3 more executives leave Trump's manufacturing council in aftermath of Charlottesville

President Donald Trump speaks in the lobby of Trump Tower in New York, Tuesday, Aug. 15, 2017. (AP Photo/Pablo Martinez Monsivais)
Pablo Martinez Monsivais/AP
President Donald Trump speaks in the lobby of Trump Tower in New York, Tuesday, Aug. 15, 2017. (AP Photo/Pablo Martinez Monsivais)

By Theresa Seiger, Cox Media Group National Content Desk


President Donald Trump on Tuesday told reporters that the CEOs who have resigned from the White House manufacturing council in the days since the president blamed “many sides” for violence in Charlottesville, Virginia, have done so “out of embarrassment” on the same day that a pair of executives announced their exits from the group.


He claimed that four business leaders who announced their resignations on Monday and Tuesday were trying to avoid pressure from him to make their products in the U.S.

>> Related: Trump again blames ‘both sides’ for violence in Charlottesville

“I’ve been lecturing them about … (how) you have to bring it back to this country,” Trump said.

A fifth business leader, AFL-CIO President Richard Trumka, announced his departure from the council and the departure of AFL-CIO Deputy Chief of Staff Thea Lee shortly after Trump made his comments.

Earlier Tuesday, Scott Paul, president of the nonprofit American Alliance for Manufacturing, announced his exit, “because it’s the right thing for me to do.”

>> Related: Intel CEO is 3rd executive to resign from Trump's Manufacturing Council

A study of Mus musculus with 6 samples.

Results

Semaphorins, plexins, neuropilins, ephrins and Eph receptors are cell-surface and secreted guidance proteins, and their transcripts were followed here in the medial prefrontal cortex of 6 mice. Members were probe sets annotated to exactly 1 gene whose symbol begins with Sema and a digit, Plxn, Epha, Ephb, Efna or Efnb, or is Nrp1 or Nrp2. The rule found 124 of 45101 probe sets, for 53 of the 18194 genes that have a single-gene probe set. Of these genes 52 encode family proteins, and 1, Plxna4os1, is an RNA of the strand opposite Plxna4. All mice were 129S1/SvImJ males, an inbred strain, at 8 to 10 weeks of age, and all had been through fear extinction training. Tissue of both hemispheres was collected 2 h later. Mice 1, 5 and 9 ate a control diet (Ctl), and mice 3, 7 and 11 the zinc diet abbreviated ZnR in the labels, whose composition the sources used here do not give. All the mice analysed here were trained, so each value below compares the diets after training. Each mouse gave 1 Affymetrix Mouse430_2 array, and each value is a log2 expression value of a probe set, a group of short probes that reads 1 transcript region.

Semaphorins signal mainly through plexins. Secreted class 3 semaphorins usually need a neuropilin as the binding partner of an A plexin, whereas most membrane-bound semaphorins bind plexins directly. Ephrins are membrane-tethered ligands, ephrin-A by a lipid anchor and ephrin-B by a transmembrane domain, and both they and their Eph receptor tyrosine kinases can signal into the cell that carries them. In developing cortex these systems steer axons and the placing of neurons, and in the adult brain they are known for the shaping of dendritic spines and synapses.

Trumka said in a statement that he and Lee were resigning and placed the blame squarely on the president’s rhetoric.

"We cannot sit on a council for a president who tolerates bigotry and domestic terrorism," the statement said in part. "President Trump's remarks today repudiate his forced remarks yesterday about the KKK and neo-Nazis. We must resign on behalf of America's working people, who reject all notions of legitimacy of these bigoted groups."

Trump earlier Tuesday called the CEOs leaving the manufacturing council “grandstanders” and boasted that he had “many to take their place.”

Paul was the fourth business leader to announce his resignation, after the departures of Intel CEO Brian Krzanich, Under Armour CEO Kevin Plank and Merck CEO Kenneth Frazier.

>> Related: Merck CEO quits Trump manufacturing council after Charlottesville

Frazier, who was the first to resign, wrote in a statement that he felt “a responsibility to take a stand against intolerance and extremism.”

Krzanich said he was resigning "to call attention to the serious harm our divided political climate is causing to critical issues, including the serious need to address the decline of American manufacturing."

Plank said on Monday night that Under Armour "engages in innovation and sports, not politics.”

The resignations came after critics questioned Trump’s decision not to call out white supremacists in a statement condemning the violence that erupted Saturday. Police said Heather Heyer, 32, died after she was struck by a vehicle when a man, identified by police as 20-year-old Nazi sympathizer James Alex Fields Jr., slammed a car into protesters and two other vehicles.

In a second statement made on Monday, Trump condemned "the KKK, neo-Nazis, white supremacists and other hate groups," who incite violence based on race.

>> Related: Trump condemns KKK, white supremacists days after deadly Charlottesville attack

Tesla CEO Elon Musk resigned from the manufacturing council in June, and two other advisory groups to the president, after the U.S. withdrawal from the Paris climate agreement. Walt Disney Co. Chairman and CEO Bob Iger resigned for the same reason from the President's Strategic and Policy Forum, which Trump established to advise him on how government policy impacts economic growth and job creation.

The Associated Press contributed to this report.